Now we've covered the markings you will find on the runways and taxiways, but there are other markings around the airport that can have significant impact on airport operations if ignored.

Nonmovement Area Boundary Markings

The movement area of an airport is all pavement controlled by ATC, i.e. the Runways and Taxiways. The nonmovement area, therefore, is pavement where ATC does not have authority, such as the ramp, apron, and other automobile movement areas. 

The boundary between movement and nonmovement areas is comprised of two yellow lines, one solid and one dashed, that form a delineator between the areas. The solid line represents the "do not cross" side of the delineator, and faces the nonmovement side (the ramp side), while the dashed line is on the taxiway side. Aircraft can leave the movement area at will to enter the ramp or apron, but must receive a clearance from ATC before re-entering the nonmovement area by crossing back onto an active taxiway.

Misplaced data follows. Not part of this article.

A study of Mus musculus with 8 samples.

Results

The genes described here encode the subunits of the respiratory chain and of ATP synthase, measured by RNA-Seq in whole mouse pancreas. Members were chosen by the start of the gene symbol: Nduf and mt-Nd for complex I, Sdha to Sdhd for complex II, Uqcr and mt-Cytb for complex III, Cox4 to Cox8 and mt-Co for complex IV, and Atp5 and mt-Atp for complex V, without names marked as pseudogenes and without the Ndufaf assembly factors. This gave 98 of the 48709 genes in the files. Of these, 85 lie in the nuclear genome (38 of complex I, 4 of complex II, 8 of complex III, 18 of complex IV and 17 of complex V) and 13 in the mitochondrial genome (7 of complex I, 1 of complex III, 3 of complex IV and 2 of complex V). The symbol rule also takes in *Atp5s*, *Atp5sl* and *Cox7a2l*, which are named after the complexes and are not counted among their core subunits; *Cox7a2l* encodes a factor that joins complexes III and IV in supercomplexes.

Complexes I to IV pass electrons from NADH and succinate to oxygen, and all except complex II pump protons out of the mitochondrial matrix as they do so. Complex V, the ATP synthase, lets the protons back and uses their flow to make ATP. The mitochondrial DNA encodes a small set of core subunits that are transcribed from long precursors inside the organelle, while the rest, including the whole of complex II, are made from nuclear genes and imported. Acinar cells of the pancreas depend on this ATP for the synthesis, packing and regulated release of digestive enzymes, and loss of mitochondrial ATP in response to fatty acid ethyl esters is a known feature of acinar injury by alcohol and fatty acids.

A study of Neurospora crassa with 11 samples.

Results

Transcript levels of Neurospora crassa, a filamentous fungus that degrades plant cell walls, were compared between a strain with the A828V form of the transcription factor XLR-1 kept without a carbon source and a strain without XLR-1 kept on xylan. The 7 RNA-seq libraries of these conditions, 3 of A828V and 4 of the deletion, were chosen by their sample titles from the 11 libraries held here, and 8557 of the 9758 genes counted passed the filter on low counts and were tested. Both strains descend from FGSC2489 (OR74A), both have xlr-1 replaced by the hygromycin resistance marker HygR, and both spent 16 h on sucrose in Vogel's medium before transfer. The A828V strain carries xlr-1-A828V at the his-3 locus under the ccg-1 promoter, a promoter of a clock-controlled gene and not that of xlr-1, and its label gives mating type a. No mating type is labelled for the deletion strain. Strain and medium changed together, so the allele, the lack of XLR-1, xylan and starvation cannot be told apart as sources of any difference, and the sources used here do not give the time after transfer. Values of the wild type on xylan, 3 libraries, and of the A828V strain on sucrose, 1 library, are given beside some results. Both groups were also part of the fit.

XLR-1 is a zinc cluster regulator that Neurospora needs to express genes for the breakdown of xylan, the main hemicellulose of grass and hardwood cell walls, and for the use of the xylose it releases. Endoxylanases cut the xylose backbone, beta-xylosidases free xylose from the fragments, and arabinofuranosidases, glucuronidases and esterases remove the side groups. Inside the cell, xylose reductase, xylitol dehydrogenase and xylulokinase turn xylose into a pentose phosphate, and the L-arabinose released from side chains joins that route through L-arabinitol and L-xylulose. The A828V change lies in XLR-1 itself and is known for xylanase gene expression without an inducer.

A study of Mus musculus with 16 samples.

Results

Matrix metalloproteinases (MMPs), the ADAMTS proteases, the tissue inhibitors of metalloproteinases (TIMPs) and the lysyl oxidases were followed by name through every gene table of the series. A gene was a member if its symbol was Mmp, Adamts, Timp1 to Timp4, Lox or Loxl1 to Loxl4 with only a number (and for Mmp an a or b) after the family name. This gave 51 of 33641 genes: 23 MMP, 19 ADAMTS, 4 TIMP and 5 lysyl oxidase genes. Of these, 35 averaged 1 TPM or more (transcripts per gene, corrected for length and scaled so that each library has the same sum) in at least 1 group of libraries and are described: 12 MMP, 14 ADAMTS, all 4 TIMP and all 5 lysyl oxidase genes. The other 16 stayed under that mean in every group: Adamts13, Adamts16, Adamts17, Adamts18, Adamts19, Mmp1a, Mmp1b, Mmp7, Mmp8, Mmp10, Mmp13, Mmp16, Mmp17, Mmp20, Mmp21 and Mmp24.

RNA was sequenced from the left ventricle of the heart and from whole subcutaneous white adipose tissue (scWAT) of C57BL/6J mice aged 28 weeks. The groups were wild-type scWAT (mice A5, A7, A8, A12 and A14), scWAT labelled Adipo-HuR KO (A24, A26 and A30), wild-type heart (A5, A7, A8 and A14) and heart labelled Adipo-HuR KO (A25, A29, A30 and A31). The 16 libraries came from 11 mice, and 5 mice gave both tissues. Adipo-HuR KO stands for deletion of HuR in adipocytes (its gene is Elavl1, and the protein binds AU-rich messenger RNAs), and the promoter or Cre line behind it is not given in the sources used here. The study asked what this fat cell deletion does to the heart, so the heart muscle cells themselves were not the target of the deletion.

movement boundary

Boundary of Nonmovement Area

VOR Receiver Checkpoint

If a VOR Receiver Checkpoint is located on an airport it will be marked by a large yellow and white circle painted on the ground with an arrow inside pointed in the direction an airplane should line up to face the VOR to perform a check. There will be an information sign (see lesson Airport Signage: Ramp/Other) located nearby with instructions pertaining to which radial to select for the test. Usually such a checkpoint is located on the apron or on a taxiway in a spot easily accessible without causing undue traffic blockage for other aircraft moving on the field. Check the chart supplement for more information on where a specific VOR checkpoint is located.

VOR Receiver Checkpoint Marking

VOR Receiver Checkpoint Marking

Vehicle Roadway Markings

In spots where it is necessary for non-aircraft vehicles to move on an area usually designate for aircraft operation, such as across a ramp or apron, a vehicle roadway will be marked. This will have either solid white lines defining the edges of the path, with dashed white lines clarifying if there are multiple lanes within, or a zippered white line instead of solid white edge lines.


The vehicle roadway (horizontal along the bottom) has zippered edge lines indicating the boundary, and dashed line down the center delineating separate lanes. The vehicle lanes running vertically have solid boundary edges.